Geography instructor John Boyer, already known for his Plaid Avenger alter ego and his unorthodox teaching methods, has embraced social media in a way unmatched on the Blacksburg campus. Boyer and his 3,000-student World Regions class persuaded actor Martin Sheen and his son, film director and writer Emilio Estevez, to include Virginia Tech on their cross-country tour to promote their new movie, “The Way.”

The class created a YouTube video, which received thousands of hits in a matter of days. After additional campaigns on Facebook and Twitter, Estevez and Sheen couldn’t refuse. “It took our breath away,” said Sheen. “This video went viral and we couldn’t ignore it,” added Estevez. The pair’s bus tour rolled into Blacksburg on Sept. 28 for a screening of the movie and a question-and-answer session for an audience of more than 2,500 in Burruss Hall.

The saga began when Annie Hesp, an instructor in the Department of Foreign Languages and Literatures, initiated an in-person appeal to Sheen and Estevez at a conference in February 2011. Hesp wisely enlisted Boyer in the effort. “‘The Way’ is an empowering experience,” said Boyer, “and we wanted our students to experience it.”

Soon after their success with Sheen and Estevez, Boyer’s class posted a YouTube request for a Skype interview with Nobel Peace Prize winner Aung San Suu Kyi, the Burmese political activist who spent 15 of the last 21 years under house arrest. She agreed to the interview, which took place just days after her historic meeting with Secretary of State Hilary Clinton. In what EdTech Digest called “the best use of Skype ever,” Suu Kyi patiently answered students’ questions, saying she was encouraged by the democratic spirit she saw in the classroom.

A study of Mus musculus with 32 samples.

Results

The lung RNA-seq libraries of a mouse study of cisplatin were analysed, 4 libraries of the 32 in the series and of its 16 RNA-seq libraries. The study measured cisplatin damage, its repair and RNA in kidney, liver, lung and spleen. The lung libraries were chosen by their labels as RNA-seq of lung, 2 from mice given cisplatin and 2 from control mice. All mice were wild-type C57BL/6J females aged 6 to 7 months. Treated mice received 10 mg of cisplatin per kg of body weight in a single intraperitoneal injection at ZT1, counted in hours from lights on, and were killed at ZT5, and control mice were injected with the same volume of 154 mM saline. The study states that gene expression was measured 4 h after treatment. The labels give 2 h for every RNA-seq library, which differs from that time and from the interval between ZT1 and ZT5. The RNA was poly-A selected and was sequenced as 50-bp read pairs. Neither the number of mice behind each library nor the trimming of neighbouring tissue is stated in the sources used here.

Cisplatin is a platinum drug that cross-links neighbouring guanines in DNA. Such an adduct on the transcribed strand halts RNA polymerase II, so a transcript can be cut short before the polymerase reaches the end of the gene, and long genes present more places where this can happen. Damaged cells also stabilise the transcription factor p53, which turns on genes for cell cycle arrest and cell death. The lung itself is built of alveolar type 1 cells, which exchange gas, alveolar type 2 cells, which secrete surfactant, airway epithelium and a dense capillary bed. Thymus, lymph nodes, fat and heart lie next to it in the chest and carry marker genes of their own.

Boyer’s efforts have solidified his belief in the power of social media. “Because of technology and the Virginia Tech community, we in this day and age can make contact and communicate with people who before this everybody said, ‘That’s impossible, you can’t talk to Hollywood stars, you can’t talk to prime ministers and presidents,’” Boyer explained. While some professors may question the value of social media, Boyer recognizes the opportunity it gives him to connect with students and make their learning more interactive.

Boyer has used social media to facilitate a number of other events, including a visit from Jason Russell, co-founder of Invisible Children; an appearance by the stars of award-winning documentary “Bouncing Cats,” which profiles Breakdance Project Uganda, an organization formed to empower disadvantaged youth in Uganda through hip hop; and a presentation by retail wine store and marketing agency owner Gary Vaynerchuk to discuss his Wine Library TV video blog and his success in the industry through social media and Internet marketing.